Several people have asked when I'm finally going to weigh in on the controversy regarding Rowan County Clerk Kim Davis.
I haven't commented on that for a simple reason: I have nothing to say that hasn't already been said by others. I try not to write about an issue unless I hope to add something to the conversation.
What did occur to me in that dust-up, though, as in any number of other situations, is the fathomless bile spewed by many people today.
Mainly, Davis, her assistants and those directly across from her at the clerk's counter — the couples seeking marriage licenses — all conducted themselves with admirable civility and good manners.
Never miss a local story.
But outside her office, on courthouse lawns and in online comments, her supporters and detractors alike seemed to have overdosed on the ugly pill.
So many people are so angry about so many things.
This anger knows no political or social boundaries. It's just a free-floating, vein-engorging, eye-popping fury. I see it on Facebook. I see it in the online comments about news stories. I hear it on TV "news" shows.
People are mad because you don't believe in God. They're mad because you do. They're mad because you're a Republican. They're mad because you're a Democrat. They're mad because you own guns. They're mad because you don't. They're mad because you have a good job. They're mad because you're on welfare.
They glory in their outrage.
The other day I went to the grocery, and I drove my new car.
My previous vehicle was an old, domestic lemon. Its heater was broken, its air conditioner was broken, its radio was broken — basically, nothing worked but the transmission and the tires. You could drive the thing, that's about all.
I roasted in the summer and froze in the winter. I traveled like that for years.
Finally, I thought: by George, if I have to hock my paycheck to the devil, I'm going to get a decent ride. So I did, and I'm paying on that hock.
Anyway, I was finished shopping, out in the grocery's parking lot, my car in a perfectly legal parking space. I was unloading my sacks from the cart, minding my own business, when I heard a woman haranguing someone.
I turned to see what the commotion was, and this lady and what appeared to be her teenage daughter were stalking toward me.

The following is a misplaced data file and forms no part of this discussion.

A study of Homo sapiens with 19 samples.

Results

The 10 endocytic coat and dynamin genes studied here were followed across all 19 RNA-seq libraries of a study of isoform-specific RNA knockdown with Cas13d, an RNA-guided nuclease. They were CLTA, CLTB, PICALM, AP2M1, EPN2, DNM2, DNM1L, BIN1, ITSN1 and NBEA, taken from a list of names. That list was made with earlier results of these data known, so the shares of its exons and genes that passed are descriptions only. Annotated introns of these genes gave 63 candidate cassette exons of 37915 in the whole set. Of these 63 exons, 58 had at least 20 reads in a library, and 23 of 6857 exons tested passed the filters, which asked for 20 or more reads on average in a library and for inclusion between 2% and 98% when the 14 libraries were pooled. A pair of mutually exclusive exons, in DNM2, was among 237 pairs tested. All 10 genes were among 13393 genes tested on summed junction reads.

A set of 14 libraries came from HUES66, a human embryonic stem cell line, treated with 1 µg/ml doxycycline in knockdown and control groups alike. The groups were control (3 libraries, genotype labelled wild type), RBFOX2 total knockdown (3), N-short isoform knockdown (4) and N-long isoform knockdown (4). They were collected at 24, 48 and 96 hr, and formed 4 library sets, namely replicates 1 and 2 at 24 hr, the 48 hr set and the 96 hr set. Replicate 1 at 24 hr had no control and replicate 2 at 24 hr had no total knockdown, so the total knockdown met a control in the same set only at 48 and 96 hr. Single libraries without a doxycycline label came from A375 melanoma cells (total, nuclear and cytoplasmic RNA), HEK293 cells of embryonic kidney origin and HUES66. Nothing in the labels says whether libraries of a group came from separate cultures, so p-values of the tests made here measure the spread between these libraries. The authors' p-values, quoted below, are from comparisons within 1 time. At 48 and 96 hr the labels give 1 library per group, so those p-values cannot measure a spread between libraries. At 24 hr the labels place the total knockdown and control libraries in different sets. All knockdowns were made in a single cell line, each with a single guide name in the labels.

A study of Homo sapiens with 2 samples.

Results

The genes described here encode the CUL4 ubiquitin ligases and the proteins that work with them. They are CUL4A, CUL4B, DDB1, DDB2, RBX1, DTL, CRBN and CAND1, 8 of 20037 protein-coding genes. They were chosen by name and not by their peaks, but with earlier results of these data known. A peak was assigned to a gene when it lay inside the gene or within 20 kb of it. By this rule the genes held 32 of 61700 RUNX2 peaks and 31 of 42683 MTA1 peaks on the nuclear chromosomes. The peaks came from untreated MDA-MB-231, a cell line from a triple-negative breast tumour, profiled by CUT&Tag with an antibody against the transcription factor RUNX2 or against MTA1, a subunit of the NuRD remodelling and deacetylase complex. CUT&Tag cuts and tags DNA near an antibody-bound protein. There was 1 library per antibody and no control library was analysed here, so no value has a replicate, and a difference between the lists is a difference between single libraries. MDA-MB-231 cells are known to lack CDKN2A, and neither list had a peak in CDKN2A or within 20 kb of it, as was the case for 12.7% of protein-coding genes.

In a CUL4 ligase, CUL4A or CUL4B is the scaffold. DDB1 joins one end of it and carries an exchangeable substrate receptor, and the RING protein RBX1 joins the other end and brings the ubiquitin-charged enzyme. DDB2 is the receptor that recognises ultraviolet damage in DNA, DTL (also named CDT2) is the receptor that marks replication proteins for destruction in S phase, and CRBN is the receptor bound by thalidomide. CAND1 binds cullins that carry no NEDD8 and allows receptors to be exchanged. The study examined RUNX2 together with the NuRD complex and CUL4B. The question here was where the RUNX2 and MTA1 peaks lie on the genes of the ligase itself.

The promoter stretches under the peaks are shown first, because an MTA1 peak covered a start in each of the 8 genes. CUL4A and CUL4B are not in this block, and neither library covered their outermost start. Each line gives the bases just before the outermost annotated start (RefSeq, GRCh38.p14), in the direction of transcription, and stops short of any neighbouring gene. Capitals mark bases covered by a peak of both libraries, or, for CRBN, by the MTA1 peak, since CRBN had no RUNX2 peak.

The kid was glowering. The mother was screaming — at me: "Oh yeah! These rich people in their big fine cars! They think nobody's like them! They can ..."
It went downhill from there. I never saw this person before in my life.
Finally the lady and her daughter stomped on into the store to do their shopping.
What's the source of such vituperation?
Obviously, many factors can contribute: genetics, addiction, abuse, poverty, grief, mental illness, broken relationships, poor coping skills, job fears, perceived slights.
Indeed, almost everybody's got a few real reasons to be angry. All of us do get angry. It's part of the human condition.
Our goal ought to be — it seems to me — that we not stay there. It's not a healthy place, for us as individuals or for those whom we love or for society.
In my own life, I've slowly realized that when I'm overcome with anger, it usually has to do with my own petty-yet-outsized ego. I speak only for myself. Your reasons for being hopping mad might differ greatly.
But here's my ongoing, imperfect solution. Take it if it helps.
Let's consider that woman who harangued me in the parking lot.
I assume my new car set her off. Maybe it pricked her insecurities. Maybe it implied some type of (false) class superiority or entitlement on my part.
What if I'd gone right back at her? "Who in the blue blazes do you think you're talking to, lady? What's your major malfunction?"
She would have gotten madder. We would have yelled more. I would have gone away fuming. I'd have lain awake all night fuming. Then I'd have been grouchy and miserable the next day from lack of sleep.
Largely because of my own assumption — that I ought not be confronted. My sense of an injustice suffered. My zeal to defend myself.
That's why I keep trying, with mixed success, to rein in my ego.
That seems to be the aim of a lot of Christianity's teachings. It's also a tenet of Buddhism, to the extent I've read and attempted to understand it.
Christianity recognizes anger as an emotion that's occasionally legitimate, but one we must always handle carefully if we're to stay spiritually healthy.
It reminds us that none of us is above being insulted, that even Jesus bore patiently the epithets and accusations of others. It says we should imitate him.
It instructs us that, instead of repaying evil with evil, we should return blessings to those who curse us and pray that good things will happen to them.
That's hard. I won't pretend I'm able to do such wonderful things consistently.
But when I am able to keep silent, smile graciously and even turn the other cheek, I find that I experience the most profound liberation.
It's as if a weight has been lifted from me. My soul lightens.
There are few burdens heavier than the weight of an ego.